Ventura County's fire and sheriff's departments doled out nearly $21 million in overtime pay during the last fiscal year, with each department showing significant increases over the past five years, a Times analysis has found.
Officials from each department defended the expenditures, arguing it's cheaper to spend money on overtime rather than hire new employees. But some county supervisors and taxpayer advocates say the spending is out of control and needs to be examined for abuses.
"The numbers are just way out of line." Supervisor John Flynn said. "When we have departments that can't keep parks open, there's not enough code enforcement officers, when we can't run animal control the way we should, when we don't have enough people to check the cleanliness of restaurants, then there are too many inequities. My God, think what we could do with [$21 million]."
Flynn and Supervisor Frank Schillo said the increasing overtime expenditures should be a major topic of discussion among board members. Both say they plan to further study the numbers.
Overtime pay for the sheriff's and fire departments actually dipped slightly between 1992 and 1996, following a highly critical audit of the Fire Department's operations.
But overtime in both departments has spiraled upward every year since. The Sheriff's Department posted the biggest spike, with overtime pay jumping 62%, from $7.3 million to $11.7 million, between the 1995-96 fiscal year and 1999-00. The fiscal year runs from June 30 to July 1.
In the last fiscal period, the Fire Department's overtime costs consumed nearly 14%--or $9.2 million--of its $66.3-million budget. By comparison, the Sheriff's Department's overtime accounted for about 9%--or $11.7 million--of its $135.9-million budget.
Sheriff Bob Brooks said he isn't concerned about the hefty overtime bills, saying the extra payouts are the cost of policing a large county. The Sheriff's Department, which includes 750 sworn officers, patrols all unincorporated areas and the cities of Camarillo, Fillmore, Moorpark, Ojai and Thousand Oaks.
"They don't strike me as unusually large," Brooks said of the overtime figures. "I think you'll find it's the same with firefighters and deputies everywhere."
The top base pay for a sheriff's deputy is $54,342. Since January, however, overtime windfalls have allowed 220 sworn personnel to each bring home at least $20,000 in additional pay, with 20 of those grossing over $100,000, according to data from the county auditor's office. The figures cover the period through Nov. 17.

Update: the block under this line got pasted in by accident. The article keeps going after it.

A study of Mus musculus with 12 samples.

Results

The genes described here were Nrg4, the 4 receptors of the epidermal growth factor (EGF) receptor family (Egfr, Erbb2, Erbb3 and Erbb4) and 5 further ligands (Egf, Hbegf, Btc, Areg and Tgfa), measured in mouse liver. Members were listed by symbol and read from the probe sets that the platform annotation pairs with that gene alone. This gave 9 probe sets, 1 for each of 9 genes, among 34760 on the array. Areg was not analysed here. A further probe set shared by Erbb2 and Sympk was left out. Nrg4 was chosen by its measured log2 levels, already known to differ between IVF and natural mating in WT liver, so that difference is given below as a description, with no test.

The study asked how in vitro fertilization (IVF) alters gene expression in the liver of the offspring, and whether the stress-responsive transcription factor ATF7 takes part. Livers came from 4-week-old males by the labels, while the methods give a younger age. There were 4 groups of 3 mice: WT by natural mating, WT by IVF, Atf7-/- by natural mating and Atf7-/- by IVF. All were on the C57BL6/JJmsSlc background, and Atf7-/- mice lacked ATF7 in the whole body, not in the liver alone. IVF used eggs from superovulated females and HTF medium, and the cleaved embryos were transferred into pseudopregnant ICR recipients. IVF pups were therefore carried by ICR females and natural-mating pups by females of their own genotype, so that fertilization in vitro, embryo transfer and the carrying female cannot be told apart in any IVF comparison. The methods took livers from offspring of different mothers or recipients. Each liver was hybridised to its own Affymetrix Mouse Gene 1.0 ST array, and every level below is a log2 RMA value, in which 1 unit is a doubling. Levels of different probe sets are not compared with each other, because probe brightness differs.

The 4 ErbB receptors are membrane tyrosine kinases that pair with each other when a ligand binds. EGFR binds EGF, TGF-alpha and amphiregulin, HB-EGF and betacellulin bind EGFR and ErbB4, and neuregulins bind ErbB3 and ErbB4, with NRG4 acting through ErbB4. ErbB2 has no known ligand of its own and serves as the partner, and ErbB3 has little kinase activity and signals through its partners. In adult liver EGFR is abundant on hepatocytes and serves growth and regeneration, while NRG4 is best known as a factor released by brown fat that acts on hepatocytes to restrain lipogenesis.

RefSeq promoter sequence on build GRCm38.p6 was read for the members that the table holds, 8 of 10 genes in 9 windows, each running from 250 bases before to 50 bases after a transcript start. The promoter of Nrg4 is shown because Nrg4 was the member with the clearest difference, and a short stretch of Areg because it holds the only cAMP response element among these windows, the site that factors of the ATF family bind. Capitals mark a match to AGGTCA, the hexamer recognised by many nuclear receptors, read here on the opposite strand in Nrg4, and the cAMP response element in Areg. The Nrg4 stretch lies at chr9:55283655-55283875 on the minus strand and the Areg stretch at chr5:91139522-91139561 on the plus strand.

One deputy with a base salary of $47,012 boosted his gross pay by 2 1/2 times, earning $117,781 during this same period. Seven others more than doubled their pay, including a sergeant whose annual paycheck so far has jumped from $61,578 to $123,772.
The gross pay numbers include some cash paid for benefits, such as vacation buyouts, educational incentives and bilingual pay, car allowances and longevity bonuses. But the bulk of the money is for overtime.
Meanwhile, county firefighters took equal advantage of overtime benefits, with the department more than doubling payouts over the past five fiscal years, jumping from $4.9 million to $9.2 million.
The top base pay for a firefighter is $43,728. Since January, 240 firefighters have collected more than $20,000 in overtime pay, with nine firefighters doubling their pay, according to county reports. Of those, 38 have earned more than $100,000 with overtime.
A fire engineer with an annual salary of $44,573 topped the overtime list for his department, earning $107,809 since January, a 142% overall increase. Another fire captain has so far pushed his $58,967 base pay to $130,742.
And 12 fire officials have grossed more than Fire Chief Bob Roper's $114,165 base salary, with one assistant chief landing as the department's top earner at $155,212.
Assistant Fire Chief Darrell Ralston said, "The big spike does seem a little unusual." But he added some of the overtime hours were brought on by employees in the 530-member department assisting in large fire disasters over the past year in surrounding states, including Colorado, Utah and Wyoming, where a record number of fires blazed. That money, he said, is later reimbursed. Those reimbursement figures were not immediately available.
Ralston said individuals carrying the largest overtime payouts are employees who consistently volunteer for it and are willing to take on the extra work.
"There are people that are willing to work five to six extra days a month," Ralston said. "Add that up over a year, and it's about 60 extra work days. But they are the ones that are away from their families too."
In the Sheriff's Department, Brooks said several factors have contributed to spiraling overtime costs, including an agreement to eliminate 100 vacant positions during June's budget negotiations.